Thunderbird 78.x and enabling OpenPGP by default

Ben Bucksch ben.bucksch at
Tue Jun 9 22:25:32 UTC 2020

On 03.06.20 11:04, Kai Engert wrote:
> On 29.05.20 12:33, TT Mooney wrote:
>> What about the use case of people saving GPG encrypted attachments 
>> (or email archives) out of Thunderbird? They won’t be able to decrypt 
>> them externally, I take it.
> You will have the ability to import your existing secret key into 
> Thunderbird (export from GnuPG with --armor).
> And also, if a user has initially created the secret key inside 
> Thunderbird, you will have the ability to backup/export your secret 
> key, and import it into GnuPG.
> Would that work for your scenario?

Hello Kai,

While a commandline would work for me, I don't think it would work for 
the majority of users. Most users never use the commandline. Any 
features available there simply don't exist for them. This applies to 
many of the Enigmail users. There are journalists, Amnesty 
International, and many others who need encryption, but are not deep 
into computers.

I think an import/export feature would be important. It doesn't have to 
be complicated technically. You could just invoke gpg on the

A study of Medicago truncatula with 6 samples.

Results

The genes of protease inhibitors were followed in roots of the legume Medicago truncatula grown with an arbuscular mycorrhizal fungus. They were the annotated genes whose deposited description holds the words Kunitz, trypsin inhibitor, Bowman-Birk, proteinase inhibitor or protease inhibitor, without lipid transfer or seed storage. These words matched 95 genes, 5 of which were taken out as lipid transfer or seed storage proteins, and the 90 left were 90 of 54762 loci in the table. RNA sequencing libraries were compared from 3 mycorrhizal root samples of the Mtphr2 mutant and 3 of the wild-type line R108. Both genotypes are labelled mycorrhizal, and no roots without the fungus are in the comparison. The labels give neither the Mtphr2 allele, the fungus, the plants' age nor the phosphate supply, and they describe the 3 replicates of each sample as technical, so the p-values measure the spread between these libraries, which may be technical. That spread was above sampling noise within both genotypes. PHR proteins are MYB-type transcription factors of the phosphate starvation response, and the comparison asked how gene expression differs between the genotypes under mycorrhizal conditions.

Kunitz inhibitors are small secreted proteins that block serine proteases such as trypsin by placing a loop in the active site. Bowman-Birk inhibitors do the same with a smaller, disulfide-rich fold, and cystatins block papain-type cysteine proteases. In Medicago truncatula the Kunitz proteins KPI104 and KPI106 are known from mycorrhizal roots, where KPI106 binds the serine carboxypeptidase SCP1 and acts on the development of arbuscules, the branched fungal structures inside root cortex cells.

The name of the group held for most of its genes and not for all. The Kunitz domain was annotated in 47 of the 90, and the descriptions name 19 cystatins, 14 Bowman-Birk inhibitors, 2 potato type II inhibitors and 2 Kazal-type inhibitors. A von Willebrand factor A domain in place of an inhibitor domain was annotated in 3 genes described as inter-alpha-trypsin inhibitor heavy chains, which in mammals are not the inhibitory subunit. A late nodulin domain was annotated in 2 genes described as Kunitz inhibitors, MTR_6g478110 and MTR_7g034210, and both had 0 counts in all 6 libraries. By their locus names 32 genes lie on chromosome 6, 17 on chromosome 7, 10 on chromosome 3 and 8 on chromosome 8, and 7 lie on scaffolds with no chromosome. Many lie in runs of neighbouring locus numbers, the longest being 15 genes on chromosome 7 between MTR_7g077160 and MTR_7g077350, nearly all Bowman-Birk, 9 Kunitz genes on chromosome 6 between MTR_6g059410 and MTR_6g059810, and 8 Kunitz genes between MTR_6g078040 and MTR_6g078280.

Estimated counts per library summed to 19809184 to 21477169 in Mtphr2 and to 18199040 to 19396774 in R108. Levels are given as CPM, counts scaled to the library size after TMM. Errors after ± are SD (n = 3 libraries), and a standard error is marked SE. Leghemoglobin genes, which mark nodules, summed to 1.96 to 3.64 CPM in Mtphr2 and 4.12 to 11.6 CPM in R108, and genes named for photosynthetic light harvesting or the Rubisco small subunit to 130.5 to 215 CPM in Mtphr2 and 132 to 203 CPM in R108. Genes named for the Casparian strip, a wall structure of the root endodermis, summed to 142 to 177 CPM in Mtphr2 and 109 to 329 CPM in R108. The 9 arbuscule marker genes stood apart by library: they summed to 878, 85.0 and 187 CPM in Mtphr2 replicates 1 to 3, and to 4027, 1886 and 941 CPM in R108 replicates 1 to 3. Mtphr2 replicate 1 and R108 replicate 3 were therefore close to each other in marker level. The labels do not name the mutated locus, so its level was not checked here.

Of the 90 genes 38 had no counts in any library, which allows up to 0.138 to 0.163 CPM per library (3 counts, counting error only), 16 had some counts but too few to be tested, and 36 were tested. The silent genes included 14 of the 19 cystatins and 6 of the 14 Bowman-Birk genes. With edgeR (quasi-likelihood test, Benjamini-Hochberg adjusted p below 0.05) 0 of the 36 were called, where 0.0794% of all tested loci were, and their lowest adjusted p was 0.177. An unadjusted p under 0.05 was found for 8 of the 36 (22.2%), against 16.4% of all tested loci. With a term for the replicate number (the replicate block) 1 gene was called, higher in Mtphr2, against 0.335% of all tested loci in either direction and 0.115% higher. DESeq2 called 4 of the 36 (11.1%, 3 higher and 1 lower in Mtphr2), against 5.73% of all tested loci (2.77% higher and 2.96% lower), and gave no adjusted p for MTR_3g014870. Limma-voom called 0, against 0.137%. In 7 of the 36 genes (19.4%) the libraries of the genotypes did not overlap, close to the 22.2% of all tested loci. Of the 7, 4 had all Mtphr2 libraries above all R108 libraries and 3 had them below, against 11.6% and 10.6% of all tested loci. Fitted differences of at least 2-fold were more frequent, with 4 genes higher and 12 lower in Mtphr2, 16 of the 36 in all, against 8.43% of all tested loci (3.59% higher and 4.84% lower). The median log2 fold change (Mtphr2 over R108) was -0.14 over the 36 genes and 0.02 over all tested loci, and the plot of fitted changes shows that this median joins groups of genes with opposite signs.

commandline, run the export --armor command that you think the user 
should do, catch the output on stdout, and process it to import the keys 
into our / OpenPGP key store. And probably vise versa.

That would allow users to have a seamless and interruption free mail 
experience would be important. If not, the user might find herself in a 
situation where she cannot decrypt her own mail. Either because she uses 
K9 Mail on Android, or because she wants to decrypt old mail. Also, you 
are surely aware that the PGP world is particularly dependent on key 
continuity, and creating new keys for our users is about the worst thing 
we can do for the PGP ecosystem. So, key import and export are crucially 
important for the health of the system, from day 1. Once the user has 2 
separate keys, the mess is there, and it's difficult to undo. Alice has 
to eternally deal with 2 decryption keys, and the trust is shaken.

I think a GPG import/export feature is actually more important than a 
key management UI for OpenPGP. As long as you can only import the GPG 
keys and decrypt/verify and encrypt/sign mail this way, the user can 
already be productive, and mail exchange is not disturbed. If you create 
new keys, mail exchange is disturbed massively, and the user might still 
get mail that she cannot decrypt.

Instead of asking the user to make some simply commandline commands, I 
think it's a good time investment to implement that in software. 
Enigmail already has the path to the gpg executable, so you just need to 
invoke a shell command from JS and redirect stdout.